With the advent of medical marijuana laws in 37 US states and recreational cannabis legalization in 19 states, the conversation around the efficacy of cannabis for treating anxiety disorders has grown more prevalent. However, the subject remains contentious, particularly in Pennsylvania, where anxiety disorders were only added as a qualifying condition for the Pennsylvania Medical Marijuana (PAMMJ) Program in 2019. While some report relief of anxiety symptoms, others raise concerns regarding the potential for dependency and the exacerbation of anxiety at higher dosages.
According to research, medical marijuana evaluation clinics in California have noted that a considerable percentage of patients use marijuana to relieve anxiety and panic attacks while seeking relaxation. In the context of anxiety disorders, there is an air of ambiguity, as patients claim benefits, yet the long-term consequences for mental health remain a topic of debate.
The risks and benefits of cannabis, especially concerning mental health conditions such as anxiety and depression, are complex. Reports suggest that low doses of THC, the primary psychoactive compound in marijuana, may alleviate stress associated with activities like public speaking. However, it’s not as straightforward as it may seem. At slightly higher doses, THC could increase anxiety, hinting at a dose-dependent relationship that necessitates caution.
Concerns are heightened when considering the use of marijuana in adolescents. There is a consensus in the medical community, as supported by Greater Good, that marijuana use during adolescence may lead to a dysregulated stress response, potentially increasing the risk of developing anxiety disorders later in life. Moreover, cognitive effects have been observed in individuals with long-term cannabis use, as discussed by Harvard Health.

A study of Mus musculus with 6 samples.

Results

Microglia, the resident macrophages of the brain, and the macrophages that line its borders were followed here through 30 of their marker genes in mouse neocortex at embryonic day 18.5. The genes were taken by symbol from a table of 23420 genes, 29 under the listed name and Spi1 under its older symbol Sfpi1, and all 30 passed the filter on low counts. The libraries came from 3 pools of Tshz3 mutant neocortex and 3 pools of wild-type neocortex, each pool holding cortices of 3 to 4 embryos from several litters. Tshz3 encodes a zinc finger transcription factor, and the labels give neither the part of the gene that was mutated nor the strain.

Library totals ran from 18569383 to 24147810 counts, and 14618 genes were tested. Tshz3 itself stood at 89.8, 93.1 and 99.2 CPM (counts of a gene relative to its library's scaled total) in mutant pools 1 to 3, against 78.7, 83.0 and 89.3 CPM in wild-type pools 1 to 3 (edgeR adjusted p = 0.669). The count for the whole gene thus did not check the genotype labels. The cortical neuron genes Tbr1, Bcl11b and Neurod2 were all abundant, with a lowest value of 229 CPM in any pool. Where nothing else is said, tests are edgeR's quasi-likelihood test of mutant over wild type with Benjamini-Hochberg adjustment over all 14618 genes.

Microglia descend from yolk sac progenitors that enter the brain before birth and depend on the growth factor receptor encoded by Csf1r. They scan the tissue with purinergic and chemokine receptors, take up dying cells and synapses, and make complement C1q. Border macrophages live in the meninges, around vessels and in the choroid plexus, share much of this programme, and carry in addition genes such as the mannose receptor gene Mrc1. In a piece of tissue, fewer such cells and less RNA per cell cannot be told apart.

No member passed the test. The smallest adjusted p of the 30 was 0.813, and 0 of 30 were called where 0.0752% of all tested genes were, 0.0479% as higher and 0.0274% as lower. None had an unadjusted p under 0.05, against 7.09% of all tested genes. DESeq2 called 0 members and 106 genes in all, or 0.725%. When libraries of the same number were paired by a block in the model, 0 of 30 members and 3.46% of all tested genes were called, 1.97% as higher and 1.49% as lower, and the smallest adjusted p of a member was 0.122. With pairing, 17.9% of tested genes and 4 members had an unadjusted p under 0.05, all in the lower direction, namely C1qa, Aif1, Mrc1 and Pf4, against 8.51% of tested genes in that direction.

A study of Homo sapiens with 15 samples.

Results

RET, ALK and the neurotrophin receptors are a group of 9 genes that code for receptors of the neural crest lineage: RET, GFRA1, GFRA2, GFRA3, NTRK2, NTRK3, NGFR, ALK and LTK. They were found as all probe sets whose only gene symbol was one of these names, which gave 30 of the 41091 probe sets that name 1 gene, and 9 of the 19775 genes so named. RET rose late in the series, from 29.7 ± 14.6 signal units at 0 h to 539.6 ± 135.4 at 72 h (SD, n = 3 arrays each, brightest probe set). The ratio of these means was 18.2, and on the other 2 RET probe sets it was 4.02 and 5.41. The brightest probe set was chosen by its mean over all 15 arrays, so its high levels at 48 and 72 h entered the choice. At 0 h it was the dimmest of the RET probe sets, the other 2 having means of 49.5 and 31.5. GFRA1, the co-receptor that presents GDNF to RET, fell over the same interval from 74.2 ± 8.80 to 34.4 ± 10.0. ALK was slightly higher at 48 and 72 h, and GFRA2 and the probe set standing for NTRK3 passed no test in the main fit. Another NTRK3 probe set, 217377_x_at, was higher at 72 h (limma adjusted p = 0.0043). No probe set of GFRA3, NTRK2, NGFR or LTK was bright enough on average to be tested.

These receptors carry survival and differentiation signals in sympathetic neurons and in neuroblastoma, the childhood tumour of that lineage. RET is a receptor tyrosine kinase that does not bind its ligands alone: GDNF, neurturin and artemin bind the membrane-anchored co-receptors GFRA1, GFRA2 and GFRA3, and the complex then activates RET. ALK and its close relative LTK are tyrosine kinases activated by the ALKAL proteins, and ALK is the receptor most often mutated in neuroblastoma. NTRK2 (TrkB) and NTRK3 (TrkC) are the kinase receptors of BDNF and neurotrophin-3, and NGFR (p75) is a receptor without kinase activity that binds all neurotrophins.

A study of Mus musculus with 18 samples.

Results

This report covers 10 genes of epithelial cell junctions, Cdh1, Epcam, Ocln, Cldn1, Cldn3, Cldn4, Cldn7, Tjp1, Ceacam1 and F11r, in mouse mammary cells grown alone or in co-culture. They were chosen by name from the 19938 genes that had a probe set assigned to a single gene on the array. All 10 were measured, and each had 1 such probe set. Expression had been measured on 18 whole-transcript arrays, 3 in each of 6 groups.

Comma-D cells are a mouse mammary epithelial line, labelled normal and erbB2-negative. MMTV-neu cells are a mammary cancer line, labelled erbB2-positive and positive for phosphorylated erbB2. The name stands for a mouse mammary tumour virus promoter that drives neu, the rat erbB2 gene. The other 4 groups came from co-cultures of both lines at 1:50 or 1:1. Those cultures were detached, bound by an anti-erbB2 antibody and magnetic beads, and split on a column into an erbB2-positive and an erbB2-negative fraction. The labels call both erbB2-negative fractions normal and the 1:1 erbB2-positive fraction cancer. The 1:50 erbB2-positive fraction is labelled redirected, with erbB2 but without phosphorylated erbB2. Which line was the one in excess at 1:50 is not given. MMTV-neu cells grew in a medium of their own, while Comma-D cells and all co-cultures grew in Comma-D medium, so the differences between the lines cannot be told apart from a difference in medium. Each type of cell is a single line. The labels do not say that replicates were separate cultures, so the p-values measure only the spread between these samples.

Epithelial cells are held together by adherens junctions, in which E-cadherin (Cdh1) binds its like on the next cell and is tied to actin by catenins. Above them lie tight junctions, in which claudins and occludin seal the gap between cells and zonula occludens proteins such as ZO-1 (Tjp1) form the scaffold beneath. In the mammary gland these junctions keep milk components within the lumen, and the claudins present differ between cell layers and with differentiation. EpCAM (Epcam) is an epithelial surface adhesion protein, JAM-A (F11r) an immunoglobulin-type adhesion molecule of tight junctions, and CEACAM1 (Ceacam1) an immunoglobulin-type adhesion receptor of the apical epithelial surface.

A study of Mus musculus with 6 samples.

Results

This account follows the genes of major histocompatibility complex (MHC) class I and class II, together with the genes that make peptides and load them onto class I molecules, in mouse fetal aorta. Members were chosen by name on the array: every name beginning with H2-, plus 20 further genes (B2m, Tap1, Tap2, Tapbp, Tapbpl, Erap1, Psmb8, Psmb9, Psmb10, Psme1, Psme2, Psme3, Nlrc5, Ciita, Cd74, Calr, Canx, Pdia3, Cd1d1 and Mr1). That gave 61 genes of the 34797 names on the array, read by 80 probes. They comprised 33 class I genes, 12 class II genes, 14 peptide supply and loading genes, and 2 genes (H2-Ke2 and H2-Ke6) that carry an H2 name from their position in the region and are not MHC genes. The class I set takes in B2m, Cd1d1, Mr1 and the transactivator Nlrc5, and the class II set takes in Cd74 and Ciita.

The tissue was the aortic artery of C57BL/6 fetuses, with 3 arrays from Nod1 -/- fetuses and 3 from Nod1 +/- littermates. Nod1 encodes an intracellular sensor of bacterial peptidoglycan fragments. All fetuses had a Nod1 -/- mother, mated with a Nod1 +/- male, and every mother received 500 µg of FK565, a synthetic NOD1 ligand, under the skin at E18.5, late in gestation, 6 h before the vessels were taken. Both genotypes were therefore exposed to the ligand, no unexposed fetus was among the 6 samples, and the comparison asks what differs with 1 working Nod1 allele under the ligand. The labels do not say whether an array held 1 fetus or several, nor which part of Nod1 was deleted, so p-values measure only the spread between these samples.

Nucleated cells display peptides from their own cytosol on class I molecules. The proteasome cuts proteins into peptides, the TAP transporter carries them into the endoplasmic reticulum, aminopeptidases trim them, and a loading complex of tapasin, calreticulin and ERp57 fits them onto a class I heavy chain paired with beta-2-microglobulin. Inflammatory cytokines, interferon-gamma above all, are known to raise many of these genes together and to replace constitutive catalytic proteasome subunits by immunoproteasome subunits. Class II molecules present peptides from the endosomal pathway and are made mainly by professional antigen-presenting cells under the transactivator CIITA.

It’s not just younger individuals who are partaking in cannabis use; older adults are increasingly turning to medical marijuana, possibly due to a reduced stigma. Research from the Journal of the American Medical Association indicates a rising trend among those aged 65 and older. Yet, despite this uptick in use, the potential for adverse effects such as addiction, drug interactions, and worsening anxiety at high doses still exists.
Given the potential implications for physical health—such as effects on heart rate and lung function, as highlighted by Harvard Health—the debate around the use of medical marijuana for anxiety relief is far from settled. The medical community appears to be grappling with the duality of marijuana’s therapeutic potential and its possible risks, leaving the topic open for further research and discussion.